Why Filling Roles in a Specific Order Matters
It’s a rainy Saturday afternoon, and you’re ten years old. You and your siblings are playing Monopoly, and your sister’s yellow houses are popping up everywhere. It seems like each time you roll the dice you owe her rent. You try to block her, keep her from building hotels, but it’s pointless. She knows the importance of playing the game swiftly and slowly, and she’s undoubtedly reaping the benefits. If you remember the rules of the game, the key is to purchase one piece of property after another within the same color group. Once you own the color group, then you can develop the properties by building houses or hotels. However, it all must be developed equally. For example, you cannot build a second house until you have built one house on every property. When it comes to filling roles in your organization, it’s wise to apply the same concept. Don’t jump ahead. You’ll win when you develop your organization from the ground up, focusing first on the roles that increase productivity.
At Trinity Training & Development, this is the order we recommend and why:
Contributors are responsible for delivering work to unit, function, program, or project managers. They are the ones doing the work and are held accountable for what they produce. For your organization to be successful and continue running efficiently, don’t wait long before filling these positions.
Depending on the size of your organization, you may have managers of units, functions, programs, and projects. The manager’s role is to oversee the contributors in their department, give direction, and make decisions about quality and priority. Managers are held accountable for the results produced within their department. This is the next crucial step in hiring once you have enough contributors.
A coordinator has an administrative role similar to a coach. A project coordinator communicates with the people working on the same project to coordinate resources, strengths, and abilities. A program coordinator communicates with people across projects to ensure everyone’s efforts are applied to accomplishing the same goal. In most cases, the coordinator is not held accountable for the product, but they are key “behind the scene” players.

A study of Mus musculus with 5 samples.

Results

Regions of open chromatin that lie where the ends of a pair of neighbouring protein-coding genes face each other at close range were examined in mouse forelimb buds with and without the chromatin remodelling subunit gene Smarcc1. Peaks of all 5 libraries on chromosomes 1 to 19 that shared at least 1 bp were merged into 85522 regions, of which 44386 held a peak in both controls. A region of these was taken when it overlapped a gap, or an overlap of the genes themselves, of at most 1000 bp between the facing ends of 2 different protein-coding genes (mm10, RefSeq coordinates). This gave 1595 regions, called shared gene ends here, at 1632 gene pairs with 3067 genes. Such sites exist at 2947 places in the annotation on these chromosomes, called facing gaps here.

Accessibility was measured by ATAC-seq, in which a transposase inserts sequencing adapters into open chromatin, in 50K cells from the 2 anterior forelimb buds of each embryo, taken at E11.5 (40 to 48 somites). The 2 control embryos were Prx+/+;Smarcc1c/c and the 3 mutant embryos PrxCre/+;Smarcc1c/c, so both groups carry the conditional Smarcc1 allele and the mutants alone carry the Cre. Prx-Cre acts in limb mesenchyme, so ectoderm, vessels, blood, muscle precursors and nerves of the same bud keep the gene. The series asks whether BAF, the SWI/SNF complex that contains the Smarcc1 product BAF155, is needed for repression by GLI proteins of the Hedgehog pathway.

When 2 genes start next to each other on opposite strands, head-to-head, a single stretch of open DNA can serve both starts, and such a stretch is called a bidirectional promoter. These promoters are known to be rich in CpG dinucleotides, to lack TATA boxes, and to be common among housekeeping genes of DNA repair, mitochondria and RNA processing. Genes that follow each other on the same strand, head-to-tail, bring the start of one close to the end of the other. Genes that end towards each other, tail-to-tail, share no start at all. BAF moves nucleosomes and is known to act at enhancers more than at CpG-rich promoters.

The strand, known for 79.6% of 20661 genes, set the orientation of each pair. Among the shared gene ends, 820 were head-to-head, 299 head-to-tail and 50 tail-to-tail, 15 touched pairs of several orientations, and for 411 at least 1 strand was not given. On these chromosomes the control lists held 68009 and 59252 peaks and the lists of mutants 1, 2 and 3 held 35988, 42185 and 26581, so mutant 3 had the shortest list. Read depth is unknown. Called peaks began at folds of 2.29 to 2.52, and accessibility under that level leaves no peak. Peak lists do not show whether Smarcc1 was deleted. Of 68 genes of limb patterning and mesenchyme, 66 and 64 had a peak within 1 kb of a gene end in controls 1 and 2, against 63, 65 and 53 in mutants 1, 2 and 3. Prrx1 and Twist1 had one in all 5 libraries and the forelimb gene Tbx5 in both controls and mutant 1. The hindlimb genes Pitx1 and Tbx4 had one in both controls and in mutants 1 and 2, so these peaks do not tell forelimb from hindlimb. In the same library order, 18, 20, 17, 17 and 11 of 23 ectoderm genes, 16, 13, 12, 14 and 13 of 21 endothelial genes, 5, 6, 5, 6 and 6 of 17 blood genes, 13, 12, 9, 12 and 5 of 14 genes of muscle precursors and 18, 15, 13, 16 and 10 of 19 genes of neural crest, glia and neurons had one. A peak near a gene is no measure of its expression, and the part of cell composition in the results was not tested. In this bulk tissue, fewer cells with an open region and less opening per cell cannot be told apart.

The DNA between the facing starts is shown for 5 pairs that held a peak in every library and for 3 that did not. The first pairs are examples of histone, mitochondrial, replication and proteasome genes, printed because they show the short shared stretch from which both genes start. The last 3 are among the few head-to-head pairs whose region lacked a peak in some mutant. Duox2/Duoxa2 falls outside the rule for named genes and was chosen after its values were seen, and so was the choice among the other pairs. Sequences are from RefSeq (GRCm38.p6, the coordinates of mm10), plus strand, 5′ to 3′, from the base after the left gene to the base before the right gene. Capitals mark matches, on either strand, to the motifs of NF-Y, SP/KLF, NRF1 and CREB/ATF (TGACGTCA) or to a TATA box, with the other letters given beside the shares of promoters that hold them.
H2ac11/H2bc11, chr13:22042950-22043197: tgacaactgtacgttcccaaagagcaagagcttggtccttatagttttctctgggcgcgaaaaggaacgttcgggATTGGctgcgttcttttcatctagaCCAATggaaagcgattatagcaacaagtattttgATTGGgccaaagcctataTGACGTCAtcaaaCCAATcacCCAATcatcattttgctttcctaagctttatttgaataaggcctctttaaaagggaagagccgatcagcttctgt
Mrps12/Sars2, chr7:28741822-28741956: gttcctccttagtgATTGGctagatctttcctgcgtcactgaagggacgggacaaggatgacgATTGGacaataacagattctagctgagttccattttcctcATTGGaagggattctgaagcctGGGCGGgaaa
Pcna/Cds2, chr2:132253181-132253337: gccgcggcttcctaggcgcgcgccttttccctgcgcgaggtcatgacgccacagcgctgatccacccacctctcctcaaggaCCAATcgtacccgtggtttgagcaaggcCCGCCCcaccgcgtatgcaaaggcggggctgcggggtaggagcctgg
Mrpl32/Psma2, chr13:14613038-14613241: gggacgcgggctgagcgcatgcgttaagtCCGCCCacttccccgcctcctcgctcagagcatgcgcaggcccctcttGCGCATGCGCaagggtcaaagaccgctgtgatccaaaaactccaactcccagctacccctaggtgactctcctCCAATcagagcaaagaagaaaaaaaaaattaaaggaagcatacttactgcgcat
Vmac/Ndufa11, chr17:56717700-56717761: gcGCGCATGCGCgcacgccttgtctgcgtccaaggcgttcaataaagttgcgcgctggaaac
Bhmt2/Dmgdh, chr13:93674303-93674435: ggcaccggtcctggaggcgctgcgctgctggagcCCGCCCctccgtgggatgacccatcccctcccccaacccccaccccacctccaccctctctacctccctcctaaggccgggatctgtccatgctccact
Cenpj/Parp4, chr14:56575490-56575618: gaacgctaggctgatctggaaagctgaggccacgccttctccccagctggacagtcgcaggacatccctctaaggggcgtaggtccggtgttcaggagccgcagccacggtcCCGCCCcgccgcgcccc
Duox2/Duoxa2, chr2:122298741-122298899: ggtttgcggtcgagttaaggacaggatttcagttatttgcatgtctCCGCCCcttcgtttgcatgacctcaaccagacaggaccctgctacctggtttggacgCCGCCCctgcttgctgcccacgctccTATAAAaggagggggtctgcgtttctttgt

A deputy is your second-in-command, the person who leads in your absence and reinforces your vision. A deputy might have the title of Chief Operating Officer (COO), Chief Strategy Officer, Chief Financial Officer (CFO), Chief Human Resource Officer, or General Counsel. Depending on their position, they may oversee the organizational process or the strategic process of your business. Should you be unable to lead for any reason, they are willing and prepared to step into your position. Deputies play a vital role in the success of your business. However, if there is no one to do the work, a deputy has little responsibility.
5. Chiefs of Staff
A chief of staff manages you, the leader. They often act as a consultant, helping you establish priorities and think through projects and programs that are most profitable. They provide their input and then disseminate information down the pipeline. Chiefs of Staff play a major role in communication and ensure everyone is both efficient and effective in accomplishing tasks.
While you certainly can fill roles in your organization however you’d like, we recommend following the rules of Monopoly. Build a house on every property before you build a hotel. Fill every contributing role before you hire a manager for the contributors. Then, make sure every department has a manager before hiring a coordinator. Once every coordinator role is filled, find the right deputies and chiefs of staff to lead and direct your entire staff.
There are most likely men and women currently working for your company that you know are destined for a managerial role. Perhaps you even believe you have found your successor, but you want them to have more training before you promote them. Trinity Training and Development provides various programs to train potential leaders and supervisors on how to manage conflict, communicate clearly, create a positive work environment, and utilize the team effectively. For more information, contact Trinity Training and Development today.